Elena Kagan: Would she turn Supreme Court into We the People?
Elena Kagan, if confirmed as the next Supreme Court justice, would shift the balance dramatically – with three women and a Jewish-Catholic bloc. So would the high court look like We the People?
"Thomas approaches the law by trying to look at the history or intent of the Constitution and its framers," says Carrie Severino, policy director of the Judicial Crisis Network, a conservative advocacy group. Thomas's rock-ribbed originalism, then, as opposed to "voting differently based on your identity," Ms. Severino insists, "is the test of whether one is being principled judicially."
Thomas's approach received a public relations boost in the 2005 confirmation hearings for Chief Justice John G. Roberts, when Justice Roberts compared the judges' work to that of umpires – simply calling balls and strikes within the Constitution's preset strike zone. His compelling metaphor – and his flawless performance in those hearings – changed the game for future nominees who might dare to suggest they'd judge any differently.
Under Roberts's rubric, minority candidates would now have to testify that they, like Thomas, would engage in cold constitutional calculus, not Marshall's empathy-inflected jurisprudence.
Accordingly, when Sonia Sotomayor sat before the Senate Judiciary Committee last summer, she appeared positively robotic in agreeing with the Republicans' demands that she disavow any suggestion that her life experience would influence her judging.
Specifically, she sought to obscure the real significance of her oft-delivered line: "I would hope that a wise Latina woman with the richness of her experiences would more often than not reach a better conclusion than a white male who hasn't lived that life."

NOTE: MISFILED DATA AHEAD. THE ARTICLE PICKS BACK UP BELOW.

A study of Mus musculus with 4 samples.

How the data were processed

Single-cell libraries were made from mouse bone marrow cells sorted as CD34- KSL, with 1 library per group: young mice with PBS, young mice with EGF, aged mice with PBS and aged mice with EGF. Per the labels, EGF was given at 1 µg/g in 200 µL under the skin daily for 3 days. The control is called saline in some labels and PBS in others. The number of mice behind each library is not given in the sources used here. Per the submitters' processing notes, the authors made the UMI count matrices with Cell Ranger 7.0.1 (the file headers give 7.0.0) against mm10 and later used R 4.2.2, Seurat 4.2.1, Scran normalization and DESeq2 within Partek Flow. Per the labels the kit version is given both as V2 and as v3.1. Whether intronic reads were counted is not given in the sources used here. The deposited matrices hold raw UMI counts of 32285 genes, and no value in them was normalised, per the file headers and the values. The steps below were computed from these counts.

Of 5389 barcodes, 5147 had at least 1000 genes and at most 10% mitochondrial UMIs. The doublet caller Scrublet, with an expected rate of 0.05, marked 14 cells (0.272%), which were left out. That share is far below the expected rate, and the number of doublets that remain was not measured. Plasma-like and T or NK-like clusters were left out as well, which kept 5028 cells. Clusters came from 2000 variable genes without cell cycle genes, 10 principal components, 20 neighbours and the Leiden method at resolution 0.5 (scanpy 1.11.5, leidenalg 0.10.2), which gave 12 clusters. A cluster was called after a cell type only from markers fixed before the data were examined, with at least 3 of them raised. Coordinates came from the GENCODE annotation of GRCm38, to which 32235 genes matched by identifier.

The "wise Latina" statement clashed with the notion that judges must do nothing more than look to the history or intent behind the law at issue. Justice Sotomayor's Democratic supporters, not at all willing to turn the historic nomination of the first Latin-American to the Supreme Court into a dragged-out national referendum on constitutional interpretation, claimed the quote was taken out of context. But the entire speech, given in 2001, was about "whether by ignoring our differences as women or men of color we do a disservice both to the law and society." She claimed that "aspiration to impartiality is just that – it's an aspiration because it denies the fact that [women and people of color] are by our experiences making different choices than others."
Yet when it came time for Sotomayor to defend her speech, she repeatedly demurred, casting herself as a strict constructionist on the Constitution's text and history.
Unseized upon by either side in the Sotomayor hearings was her comment in the same "wise Latina" speech that "Justice Clarence Thomas represents a part but not the whole of African-American thought on many subjects." Indeed, his personal experience with affirmative action left him feeling as if he'd been stamped with a "badge of inferiority," as he put it in a 1995 opinion. To this day, according to his autobiography, his Yale diploma, upon which he placed a sticker reading "15¢," sits in his basement.